Corralling Shania Twain a big ‘get’ for Calgary Stampede
By Mike Bell
January 17, 2014
Consider it a “get” of Garth Brooksian proportions.
On Thursday, the Calgary Stampede announced it had booked Canadian country superstar Shania Twain for its upcoming event. The Timmins, Ont., native will play the Saddledome July 9 during the 10-day party, with tickets for the show ranging from $89.25 to $149.25 (plus service charges), and going on sale to the general public beginning Jan. 24 at 10 a.m. from ticketmaster.ca, in person at Ticketmaster outlets and by phone at 1-855-985-5000.
“The opportunity to have Canadian icon Shania Twain perform at the Calgary Stampede is incredible,” Adam Oppenheim, managing director of Stampede Concerts Inc., said of the first artist booked for the Greatest Outdoor Show on Earth, which runs July 4-13 this year.
“She is beloved by so many and we couldn’t be happier that Stampede fans and visitors will be able to see her first concert outside of Vegas in more than 10 years.”
The parallels to the booking of Brooks two years ago for the Stampede’s centennial celebration are striking. Both acts were from the same era, enjoying their popularity during the new country movement of the ’90s. Also, both are at the top of the list when it comes to sales, awards and popularity for contemporary country acts, with each being among the bestselling country artists of their respective gender (150 million for Brooks and 80 million for his Canuckian counterpart) and Twain’s 1997 album Come On Over being the bestselling studio album by a female of any type of artist with almost 40 million sold.
Also. when tapped for a Stampede show, both artists were all but retired from touring and recording, with Las Vegas residencies the only way for fans to catch them live. In the case of Twain, her fourth and last studio record was 2002’s 20-million selling Up! — another record has been in the works and rumoured for the past three years — and her show Shania: Still the One has been playing Caesars Palace since December of 2012.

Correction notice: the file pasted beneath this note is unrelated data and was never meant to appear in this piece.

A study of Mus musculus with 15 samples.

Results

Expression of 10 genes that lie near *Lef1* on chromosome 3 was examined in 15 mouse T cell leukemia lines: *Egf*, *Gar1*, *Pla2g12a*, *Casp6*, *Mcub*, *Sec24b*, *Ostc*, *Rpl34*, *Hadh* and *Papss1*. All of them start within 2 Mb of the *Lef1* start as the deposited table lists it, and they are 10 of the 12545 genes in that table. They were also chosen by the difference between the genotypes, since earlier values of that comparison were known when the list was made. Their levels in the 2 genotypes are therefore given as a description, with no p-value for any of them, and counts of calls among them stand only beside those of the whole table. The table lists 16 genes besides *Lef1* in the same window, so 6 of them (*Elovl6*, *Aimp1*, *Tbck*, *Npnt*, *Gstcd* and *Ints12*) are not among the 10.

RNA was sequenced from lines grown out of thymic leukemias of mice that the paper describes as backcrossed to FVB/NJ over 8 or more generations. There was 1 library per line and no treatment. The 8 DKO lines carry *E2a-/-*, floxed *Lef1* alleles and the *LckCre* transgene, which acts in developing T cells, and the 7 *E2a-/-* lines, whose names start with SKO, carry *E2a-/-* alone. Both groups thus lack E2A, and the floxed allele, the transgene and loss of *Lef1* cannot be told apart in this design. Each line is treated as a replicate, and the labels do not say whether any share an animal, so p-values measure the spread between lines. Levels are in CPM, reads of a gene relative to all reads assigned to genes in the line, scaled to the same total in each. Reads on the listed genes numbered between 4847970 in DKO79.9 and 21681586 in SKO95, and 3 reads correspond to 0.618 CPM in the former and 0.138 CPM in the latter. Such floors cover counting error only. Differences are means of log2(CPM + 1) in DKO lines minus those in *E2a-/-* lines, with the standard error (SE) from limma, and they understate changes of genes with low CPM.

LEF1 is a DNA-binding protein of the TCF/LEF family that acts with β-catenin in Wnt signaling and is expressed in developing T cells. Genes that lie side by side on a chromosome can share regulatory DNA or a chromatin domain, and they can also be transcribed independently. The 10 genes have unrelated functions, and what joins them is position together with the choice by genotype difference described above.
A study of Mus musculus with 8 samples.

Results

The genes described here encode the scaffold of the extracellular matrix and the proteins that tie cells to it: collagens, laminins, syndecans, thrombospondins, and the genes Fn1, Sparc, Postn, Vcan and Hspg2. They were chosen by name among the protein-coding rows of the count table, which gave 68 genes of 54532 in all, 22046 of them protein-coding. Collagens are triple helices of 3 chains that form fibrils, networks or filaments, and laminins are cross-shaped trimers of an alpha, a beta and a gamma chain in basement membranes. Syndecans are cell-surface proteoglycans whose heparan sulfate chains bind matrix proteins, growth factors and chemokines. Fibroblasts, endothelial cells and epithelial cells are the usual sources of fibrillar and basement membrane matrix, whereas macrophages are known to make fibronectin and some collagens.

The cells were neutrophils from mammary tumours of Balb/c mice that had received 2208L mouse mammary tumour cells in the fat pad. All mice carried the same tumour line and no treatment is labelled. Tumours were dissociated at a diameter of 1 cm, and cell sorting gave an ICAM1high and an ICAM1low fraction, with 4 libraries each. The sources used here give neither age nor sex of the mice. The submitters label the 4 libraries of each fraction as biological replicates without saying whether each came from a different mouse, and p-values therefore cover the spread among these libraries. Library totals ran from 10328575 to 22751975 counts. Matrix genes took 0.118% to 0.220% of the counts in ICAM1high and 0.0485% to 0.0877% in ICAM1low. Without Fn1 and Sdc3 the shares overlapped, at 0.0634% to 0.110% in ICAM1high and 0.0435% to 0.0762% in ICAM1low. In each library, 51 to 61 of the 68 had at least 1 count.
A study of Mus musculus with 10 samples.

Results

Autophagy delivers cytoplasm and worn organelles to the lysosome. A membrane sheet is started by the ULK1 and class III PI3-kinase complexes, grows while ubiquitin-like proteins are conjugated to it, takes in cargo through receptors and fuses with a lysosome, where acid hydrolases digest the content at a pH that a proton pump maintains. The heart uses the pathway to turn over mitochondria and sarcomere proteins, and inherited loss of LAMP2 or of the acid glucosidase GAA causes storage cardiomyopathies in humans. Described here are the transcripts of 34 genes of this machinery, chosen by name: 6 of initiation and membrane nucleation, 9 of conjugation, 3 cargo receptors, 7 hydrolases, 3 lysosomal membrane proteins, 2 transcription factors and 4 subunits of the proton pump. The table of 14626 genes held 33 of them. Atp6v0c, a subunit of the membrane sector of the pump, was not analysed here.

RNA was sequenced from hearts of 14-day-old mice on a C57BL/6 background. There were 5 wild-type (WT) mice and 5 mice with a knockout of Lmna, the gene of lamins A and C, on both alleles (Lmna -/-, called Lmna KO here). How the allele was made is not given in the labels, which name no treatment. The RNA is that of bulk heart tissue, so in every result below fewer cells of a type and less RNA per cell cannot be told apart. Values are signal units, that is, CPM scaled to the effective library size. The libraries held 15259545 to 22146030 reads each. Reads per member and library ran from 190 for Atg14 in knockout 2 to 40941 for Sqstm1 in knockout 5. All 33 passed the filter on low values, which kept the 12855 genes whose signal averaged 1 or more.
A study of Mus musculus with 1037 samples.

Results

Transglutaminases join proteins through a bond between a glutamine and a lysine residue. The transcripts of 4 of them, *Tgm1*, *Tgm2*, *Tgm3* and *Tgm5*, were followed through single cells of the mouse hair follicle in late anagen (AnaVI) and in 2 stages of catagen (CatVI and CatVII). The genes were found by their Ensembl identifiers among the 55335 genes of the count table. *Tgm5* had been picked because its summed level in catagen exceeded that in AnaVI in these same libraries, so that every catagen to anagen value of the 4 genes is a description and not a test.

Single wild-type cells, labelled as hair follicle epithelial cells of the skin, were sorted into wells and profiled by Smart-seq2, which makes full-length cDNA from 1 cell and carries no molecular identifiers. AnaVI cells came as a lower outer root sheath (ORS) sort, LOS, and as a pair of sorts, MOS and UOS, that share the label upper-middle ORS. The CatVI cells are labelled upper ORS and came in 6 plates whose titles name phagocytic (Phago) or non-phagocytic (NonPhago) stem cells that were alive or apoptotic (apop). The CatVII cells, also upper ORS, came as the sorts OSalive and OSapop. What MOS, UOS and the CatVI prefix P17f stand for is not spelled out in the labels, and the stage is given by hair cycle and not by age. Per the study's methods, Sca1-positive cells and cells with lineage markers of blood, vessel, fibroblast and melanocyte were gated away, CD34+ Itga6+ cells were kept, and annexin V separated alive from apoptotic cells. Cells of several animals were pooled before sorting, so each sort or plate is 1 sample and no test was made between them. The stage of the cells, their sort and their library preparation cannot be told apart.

And, finally, perhaps the most important parallel: because of all of these reasons, the Twain ticket will be one of the most in-demand and hard-to-get ducats in North America. When Brooks’ tickets went up for grabs, they sold out in seconds, with many winding up on websites and at unbelievably inflated prices moments after, some even claimed before. That was due, in large part to pre-sales being offered to a number of different groups as well as Flames President Club ticket-holders who were given first dibs.
There was anger, there was indignation, there were threats and there was, of course, a certain segment of the population willing to take advantage of that by selling counterfeit tickets online to the desperate and, well, naive.
Expect the same thing with Twain, seeing as how the number of pre-sale options is similar, with Virgin Mobile members getting a crack beginning Jan. 21, and radio sponsors and Stampede Insiders following suit the next day.
All of this means, of course, that just like the Stampede booking Twain, if you manage to find yourself one of the lucky 15,000 or so holding a valid ticket to get into the Dome on July 9, you can consider it a pretty incredible get.